Small Animal Imaging Facility
Stanford Center for Innovation in In-Vivo Imaging (SCI3)
The mission of the Stanford Center for Innovation in In vivo Imaging (SCI3) is to provide access to state-of-the-art and first-of-its-kind preclinical imaging instruments to facilitate translation of research from in vitro tests to small animal investigations and clinical practice. This enables assessments of new technologies, novel drugs/tracers, variable phenotypes and novel biological concepts in living murine models. The SCI3 center offers access to imaging equipment at three different locations: The Clark Center houses the primary SCI3 facility, with additional imaging facilities located in the Lokey Stem Cell building, Comparative Medicine Pavilion, The Shriram Center for Bio-Engineering, and the Porter Drive facility off campus. SCI3 center personel offers consultation, dedicated training and supervision for researchers and students on basic concepts and personalized use of imaging modalities available.
The SCI3 facility provides access to the whole spectrum of preclinical imaging modalities, including instruments routinely found in hospitals, but optimized for small animal work (such as ultrasound, MRI, MicroCT, PET and SPECT), instruments developed specifically for small animal work (such as optical imaging systems capable of bioluminescent and fluorescent imaging), as well as new equipment which has just been developed and is being tested (such as photoacoustic imaging and magnetic particle imaging). The facility offers both instruments that are easy to operate for the non-radiologist user as well as the latest imaging technologies and multi-modality imaging combinations for experts in radiology, physics and engineering. All instruments are designed to image living subjects, so repeated studies can be performed, which provide longitudinal data in the same subject and reduce the number of animals required for such studies. The flexibility and rapid analyses of such animal models greatly accelerate the development of molecular imaging strategies, as well as new therapeutic strategies for a variety of diseases. A broad range of imaging and contrasting reagents are available for monitoring disease phenotypes in mouse models, evaluation of novel therapeutic interventions, image data post-processing and quantification, co-clinical trials and clinical drug development, among many others.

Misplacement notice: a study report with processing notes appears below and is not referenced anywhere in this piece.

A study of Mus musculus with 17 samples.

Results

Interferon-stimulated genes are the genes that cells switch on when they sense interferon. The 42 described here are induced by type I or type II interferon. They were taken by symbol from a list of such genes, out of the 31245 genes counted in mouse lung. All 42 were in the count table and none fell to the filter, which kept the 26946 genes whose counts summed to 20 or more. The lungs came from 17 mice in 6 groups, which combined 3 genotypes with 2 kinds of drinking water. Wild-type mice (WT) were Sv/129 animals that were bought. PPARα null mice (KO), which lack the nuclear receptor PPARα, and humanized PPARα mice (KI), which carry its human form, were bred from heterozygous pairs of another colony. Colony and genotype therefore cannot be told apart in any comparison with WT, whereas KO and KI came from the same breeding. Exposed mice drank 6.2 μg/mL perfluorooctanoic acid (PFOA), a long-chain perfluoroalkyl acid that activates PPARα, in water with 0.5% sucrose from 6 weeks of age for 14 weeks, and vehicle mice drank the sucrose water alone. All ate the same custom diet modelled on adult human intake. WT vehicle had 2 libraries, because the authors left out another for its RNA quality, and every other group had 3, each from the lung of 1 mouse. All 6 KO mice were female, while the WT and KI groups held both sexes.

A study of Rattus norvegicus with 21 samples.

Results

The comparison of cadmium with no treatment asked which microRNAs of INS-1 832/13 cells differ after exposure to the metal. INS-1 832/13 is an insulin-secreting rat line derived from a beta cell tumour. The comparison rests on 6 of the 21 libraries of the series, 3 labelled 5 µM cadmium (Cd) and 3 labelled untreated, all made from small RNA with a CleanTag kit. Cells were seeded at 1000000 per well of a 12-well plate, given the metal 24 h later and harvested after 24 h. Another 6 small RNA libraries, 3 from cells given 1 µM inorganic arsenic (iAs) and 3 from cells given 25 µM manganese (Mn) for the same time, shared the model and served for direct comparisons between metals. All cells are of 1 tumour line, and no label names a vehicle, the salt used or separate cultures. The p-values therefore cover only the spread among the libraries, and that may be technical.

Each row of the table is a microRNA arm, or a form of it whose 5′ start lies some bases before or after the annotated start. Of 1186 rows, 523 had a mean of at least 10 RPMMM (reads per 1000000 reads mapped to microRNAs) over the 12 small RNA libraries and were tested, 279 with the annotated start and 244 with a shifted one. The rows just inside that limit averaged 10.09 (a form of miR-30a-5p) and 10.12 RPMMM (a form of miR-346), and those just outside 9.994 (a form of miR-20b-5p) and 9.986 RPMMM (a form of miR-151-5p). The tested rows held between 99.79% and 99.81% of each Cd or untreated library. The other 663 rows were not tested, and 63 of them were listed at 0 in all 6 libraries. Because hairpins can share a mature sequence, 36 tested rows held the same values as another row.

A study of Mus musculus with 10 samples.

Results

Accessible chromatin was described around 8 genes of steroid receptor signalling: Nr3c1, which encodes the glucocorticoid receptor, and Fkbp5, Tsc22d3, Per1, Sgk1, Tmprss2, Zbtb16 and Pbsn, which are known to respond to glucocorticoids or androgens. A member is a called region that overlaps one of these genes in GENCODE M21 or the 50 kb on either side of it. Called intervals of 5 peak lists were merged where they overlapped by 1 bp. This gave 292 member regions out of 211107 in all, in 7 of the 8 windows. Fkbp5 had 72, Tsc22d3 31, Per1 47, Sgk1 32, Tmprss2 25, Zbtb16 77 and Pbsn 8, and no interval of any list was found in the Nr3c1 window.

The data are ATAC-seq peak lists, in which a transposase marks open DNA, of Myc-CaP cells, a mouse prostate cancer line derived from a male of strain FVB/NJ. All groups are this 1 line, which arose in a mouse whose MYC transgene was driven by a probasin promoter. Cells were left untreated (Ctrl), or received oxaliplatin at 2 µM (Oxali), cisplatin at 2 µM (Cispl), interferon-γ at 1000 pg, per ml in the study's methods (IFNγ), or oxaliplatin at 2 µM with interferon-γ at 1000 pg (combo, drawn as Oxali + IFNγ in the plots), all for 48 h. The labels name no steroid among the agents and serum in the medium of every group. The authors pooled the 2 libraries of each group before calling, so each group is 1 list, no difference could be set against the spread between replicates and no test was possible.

The Small Animal Imaging Facility is a Stanford School of Medicine service center, and is supported by the Stanford Cancer Institute, as well as user fees levied on each instrument. It is operated by the Department of Radiology. For more information, contact Jason Thanh Lee (Director of the Clark Center Facility), Laura Pisani (Associate Director of the Clark Center Facility) and Frezghi Habte (Director of the Porter Drive Facility).
Dr. Daldrup-Link is a Professor of Radiology, and, by courtesy, of Pediatrics (Hematology & Oncology), and is the director of the SCI3.
Dr. Gambhir is the Virginia & D.K. Ludwig Professor of Cancer Research Professor, Chair of the Department of Radiology, Professor by courtesy of Bioengineering and and Material Science Engineering, and co-directs the SCI3.
Dr. Levin is a Professor of Radiology, and, by courtesy, of Physics, of Electrical Engineering and of Bioengineering, and co-directs the SCI3.
Dr. Moseley is a Professor of Radiology and is the Director of Experimental MRI and MRS at the Lucas MR Center. He directs the MR imaging and spectroscopy aspects of the SCI3.
SCI3 Research Staff
Associate Director of the Clark Center Facility
Dr Pisani manages the 7T MRI system, providing training and assistance for all users on this system - please coordinate directly with her to arrange for this. She also provides training on the use of radionuclides in the imaging facility, as well as training on the MicroPET systems. Finally, Dr Pisani provides training on the CRI Maestro fluorescence imaging systems.
Director of the Porter Drive Facility
Dr Habte provides image quantification assistance to all users of the imaging facility. He runs regular software training classes focusing on different software applications used within the facility, as well as providing assistance with specific problems as required.